早期數學字彙的歷史 (Z)

Last revision: July 9, 1999


The term z-STATISTIC was introduced by R. A. Fisher in "On a distribution yielding the error functions of several well-known statistics," Proceedings of the International Mathematics Congress, Toronto, (1924) [James A. Landau].

ZERMELO-FRAENKEL SET THEORY is found in the title "Ein axiomatisches System der Mengenlehre nach Zermelo und Fraenkel," by Ernst-Jochen Thiele, Z. Math. Logik Grundlagen Math. (1955).

The term is also found in R. Montague, "Zermelo-Fraenkel set theory is not a finite extension of Zermelo set theory," Bull. Amer Math. Soc. 62 (1956).

Attributions to Zermelo occur in A. Fraenkel, "Zu den Grundlagen der Cantor-Zermeloschen Mengenlehre," Math. Annalen (1922) and "鈁er die Zermelosche Begrndung der Mengenlehre," Jahresbericht der Deutschen Mathematiker-Vereinigung 30, 2nd section (1921) [James A. Landau].

ZERO. The Hindus called the symbol sunya, and the term passed over into Arabic as as-sifr or sifr (Smith vol. 2, page 71).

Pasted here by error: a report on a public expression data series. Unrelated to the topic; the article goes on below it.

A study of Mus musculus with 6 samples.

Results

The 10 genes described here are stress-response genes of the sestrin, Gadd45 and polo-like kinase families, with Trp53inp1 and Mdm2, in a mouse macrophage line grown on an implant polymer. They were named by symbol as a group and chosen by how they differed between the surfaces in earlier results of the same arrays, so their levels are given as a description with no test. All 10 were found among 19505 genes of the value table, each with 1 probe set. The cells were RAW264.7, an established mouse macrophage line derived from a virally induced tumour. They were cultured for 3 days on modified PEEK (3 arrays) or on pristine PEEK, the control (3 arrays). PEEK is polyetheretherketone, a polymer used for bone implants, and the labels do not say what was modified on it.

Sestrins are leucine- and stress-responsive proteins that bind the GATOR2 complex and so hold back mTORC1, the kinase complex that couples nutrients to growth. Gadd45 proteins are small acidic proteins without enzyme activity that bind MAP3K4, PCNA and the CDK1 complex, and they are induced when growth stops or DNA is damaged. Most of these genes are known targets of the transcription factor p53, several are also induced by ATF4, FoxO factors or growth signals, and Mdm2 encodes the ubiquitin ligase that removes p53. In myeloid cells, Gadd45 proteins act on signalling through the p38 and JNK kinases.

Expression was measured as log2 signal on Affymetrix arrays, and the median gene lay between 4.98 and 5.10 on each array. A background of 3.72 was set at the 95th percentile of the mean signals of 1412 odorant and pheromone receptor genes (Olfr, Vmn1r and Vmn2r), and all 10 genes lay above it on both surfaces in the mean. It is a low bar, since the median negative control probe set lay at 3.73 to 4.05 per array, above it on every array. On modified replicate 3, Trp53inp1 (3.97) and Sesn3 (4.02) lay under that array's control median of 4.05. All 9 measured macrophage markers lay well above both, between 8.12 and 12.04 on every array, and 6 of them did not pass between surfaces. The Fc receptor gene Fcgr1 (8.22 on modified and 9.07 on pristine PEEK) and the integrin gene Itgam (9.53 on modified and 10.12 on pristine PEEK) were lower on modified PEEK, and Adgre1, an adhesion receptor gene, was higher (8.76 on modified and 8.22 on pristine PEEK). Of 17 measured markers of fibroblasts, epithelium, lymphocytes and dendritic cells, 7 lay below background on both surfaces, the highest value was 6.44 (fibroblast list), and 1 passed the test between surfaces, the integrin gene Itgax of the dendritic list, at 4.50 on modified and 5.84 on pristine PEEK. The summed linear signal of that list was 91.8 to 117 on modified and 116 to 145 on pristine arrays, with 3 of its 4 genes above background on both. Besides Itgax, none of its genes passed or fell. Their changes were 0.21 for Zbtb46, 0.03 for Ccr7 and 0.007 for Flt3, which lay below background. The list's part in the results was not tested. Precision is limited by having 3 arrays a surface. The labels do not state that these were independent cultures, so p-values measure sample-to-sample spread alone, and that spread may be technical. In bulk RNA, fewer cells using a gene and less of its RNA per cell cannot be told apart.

Abraham ben Meir ibn Ezra (1092-1167) used galgal for zero in a description he wrote of a decimal system of numeration.

Leonardo of Pisa (1180-1250) (or Fibonacci) used the word zephirum for this symbol in Liber Abaci: "...quod arabice zephirum appelatur."

According to Smith (vol. 2), some other old names for zero include sipos, tsiphron, tziphra, rota, omicron, circulus, theca, null, zeuero, ceuero, cifra, zepiro and figura nihili.

According to Cajori (1919, page 128), the word zero "is found in some fourteenth century manuscripts."

Cajori also states that the first printed treatise containing the word zero is De arithmetrica opusculum, by Filippo Calandri, which was printed in Florence in 1491. Cajori attributes this information to Enestr闣. [Calandri's name is also spelled Philippus Calender and Philippus Calandrus.]

The earliest citation for zero in English in the OED2 is from 1604: "...marking the dayes with a Zero or cipher."

Older terms for this symbol in English include aught, naught, and cipher.

The term ZETAIC MULTIPLICATION was coined by James Joseph Sylvester.

ZORN's LEMMA. Gregory Moore, in his definitive book Zermelo's Axiom of Choice: Its Origins, Development and Influence, says, "By late in 1934, Zorn's principle had found users in the United States who dubbed it Zorn's Lemma." [Bill Dubuque] Julio Gonz嫮ez Cabill鏮 believes the term may have been coined by John W. Tukey.